Tomorrow the ABA will have an interesting teleconference and live audio webcast: Blogging: Ethical Considerations for the Lawyer, Legal Implications for the Client. Details are available here. Here’s the program description:
The advent of blogs has affected the legal profession on all fronts. From a business development perspective, there is a hazy intersection between legal commentary and law firm marketing. In practice, clients are often faced with issues ranging from malicious posts from disgruntled customers and competitors, to striking a balance between an employee’s freedom of expression, and inappropriate remarks that might be identified as that of the employer.
This program will look at the development, content, and marketing of lawyer blogs, including appropriate topics, ideas for posts, participation in blogging communities, and optimizing blogs for search engines. Ethical considerations in regard to the rules of professional responsibility will be examined, with specific focus on Sections 7.1-7.5 of the ABA Model Rules of Professional Conduct.
In addition, the program will address:
Business advantages to blogging
Using a blog to complement other law firm business initiatives
Understanding legal issues related to blogging that are affecting your clients
I wish I could participate, but I have a day job and the conference runs from 1300 to 1430 East Coast time. The good news is that two weeks after the conference, a recording will be available for purchase.
Speaking of my day job, I am reevaluating my participation on this blog because I now practice before two of the courts whose case law we routinely discuss. Is the duty of loyalty to one’s client likely to result in circumscribed candor when discussing cases? What are the ethics of discussing one’s own cases on a blog? You may remember that back in March, one anonymous commentator argued:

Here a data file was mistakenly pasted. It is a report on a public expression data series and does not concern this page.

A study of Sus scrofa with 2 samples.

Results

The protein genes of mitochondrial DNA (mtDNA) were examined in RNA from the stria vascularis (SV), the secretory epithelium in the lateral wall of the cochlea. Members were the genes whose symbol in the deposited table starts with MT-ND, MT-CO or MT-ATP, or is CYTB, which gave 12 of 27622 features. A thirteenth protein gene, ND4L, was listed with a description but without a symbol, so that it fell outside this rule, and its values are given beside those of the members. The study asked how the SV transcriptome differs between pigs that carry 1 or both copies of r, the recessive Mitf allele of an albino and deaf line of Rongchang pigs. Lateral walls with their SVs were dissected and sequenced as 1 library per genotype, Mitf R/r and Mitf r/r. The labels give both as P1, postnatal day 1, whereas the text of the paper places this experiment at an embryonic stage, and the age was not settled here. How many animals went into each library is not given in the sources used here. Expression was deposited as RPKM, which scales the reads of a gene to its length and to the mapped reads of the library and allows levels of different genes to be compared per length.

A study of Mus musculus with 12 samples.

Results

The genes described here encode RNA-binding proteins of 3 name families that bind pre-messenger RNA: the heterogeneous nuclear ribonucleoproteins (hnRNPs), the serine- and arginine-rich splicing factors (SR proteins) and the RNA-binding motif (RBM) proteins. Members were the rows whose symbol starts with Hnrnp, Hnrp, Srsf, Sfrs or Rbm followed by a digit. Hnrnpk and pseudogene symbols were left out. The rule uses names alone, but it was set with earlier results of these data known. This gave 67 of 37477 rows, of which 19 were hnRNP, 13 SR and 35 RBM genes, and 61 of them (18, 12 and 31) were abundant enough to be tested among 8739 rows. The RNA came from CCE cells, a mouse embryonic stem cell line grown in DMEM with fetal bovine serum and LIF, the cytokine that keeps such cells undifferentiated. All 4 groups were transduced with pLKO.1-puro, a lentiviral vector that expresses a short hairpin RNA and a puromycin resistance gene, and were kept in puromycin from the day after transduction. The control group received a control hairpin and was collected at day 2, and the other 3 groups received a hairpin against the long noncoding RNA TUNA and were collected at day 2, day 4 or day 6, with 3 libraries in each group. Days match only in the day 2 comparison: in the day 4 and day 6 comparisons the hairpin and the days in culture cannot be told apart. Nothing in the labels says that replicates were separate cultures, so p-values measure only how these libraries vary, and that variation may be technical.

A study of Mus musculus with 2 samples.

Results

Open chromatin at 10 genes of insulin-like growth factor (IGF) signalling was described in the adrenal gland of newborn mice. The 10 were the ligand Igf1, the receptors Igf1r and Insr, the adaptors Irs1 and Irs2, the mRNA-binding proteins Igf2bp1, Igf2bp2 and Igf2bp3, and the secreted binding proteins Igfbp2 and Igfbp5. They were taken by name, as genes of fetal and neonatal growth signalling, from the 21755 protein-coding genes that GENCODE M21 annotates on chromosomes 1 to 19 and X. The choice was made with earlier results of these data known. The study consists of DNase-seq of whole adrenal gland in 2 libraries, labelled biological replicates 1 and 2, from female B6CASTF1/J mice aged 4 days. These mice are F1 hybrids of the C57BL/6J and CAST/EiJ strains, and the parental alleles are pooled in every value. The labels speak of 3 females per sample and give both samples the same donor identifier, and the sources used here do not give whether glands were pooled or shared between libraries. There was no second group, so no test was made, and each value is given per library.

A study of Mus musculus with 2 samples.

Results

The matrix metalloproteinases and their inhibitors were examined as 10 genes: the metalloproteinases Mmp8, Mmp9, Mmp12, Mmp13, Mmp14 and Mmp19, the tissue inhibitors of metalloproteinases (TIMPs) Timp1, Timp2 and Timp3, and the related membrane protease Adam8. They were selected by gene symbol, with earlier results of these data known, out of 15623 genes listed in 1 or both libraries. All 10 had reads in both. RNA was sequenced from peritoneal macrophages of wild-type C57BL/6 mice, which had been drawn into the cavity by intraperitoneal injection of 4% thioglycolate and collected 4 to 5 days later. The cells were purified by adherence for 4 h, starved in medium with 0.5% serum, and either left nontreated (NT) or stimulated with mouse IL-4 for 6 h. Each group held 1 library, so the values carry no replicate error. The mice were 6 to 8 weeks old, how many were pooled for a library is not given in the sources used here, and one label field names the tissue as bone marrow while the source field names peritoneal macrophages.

This blog seems to constantly use the bait and switch approach to swooningly praise these Navy and Marine (and Court of Appeals) judges and wax over the statistical unlikelihood that the judges are reading this site for routine rulings, then throwing topics in front of the judges that are constantly under their consideration and which you wish would be found more frequently in your favor. Doesn’t this verge dangerously close to attempting to influence the judges and also near the ABA Model Rule 3.5 ex parte communications (even if the cases aren’t ongoing, there must be motions for oral argument that you all are frustrated over?).
At the time, I was able to respond: “I haven’t practiced before either NMCCA or CAAF since 2003, so I don’t think I could engage in ‘ex parte’ communication as that term is typically used.” But now I do practice in front of military courts. The other day Sacramentum discussed a case on which I’m currently working. I disagreed with Sacramentum’s take on the case (I know, shocking!), but I haven’t posted about it due to a certain unease over writing publicly about an on-going case in which I am a counsel.
I’ll be very interested to hear (in two weeks) whether the participants in tomorrow’s teleconference address these and similar topics. Do any of you have advice?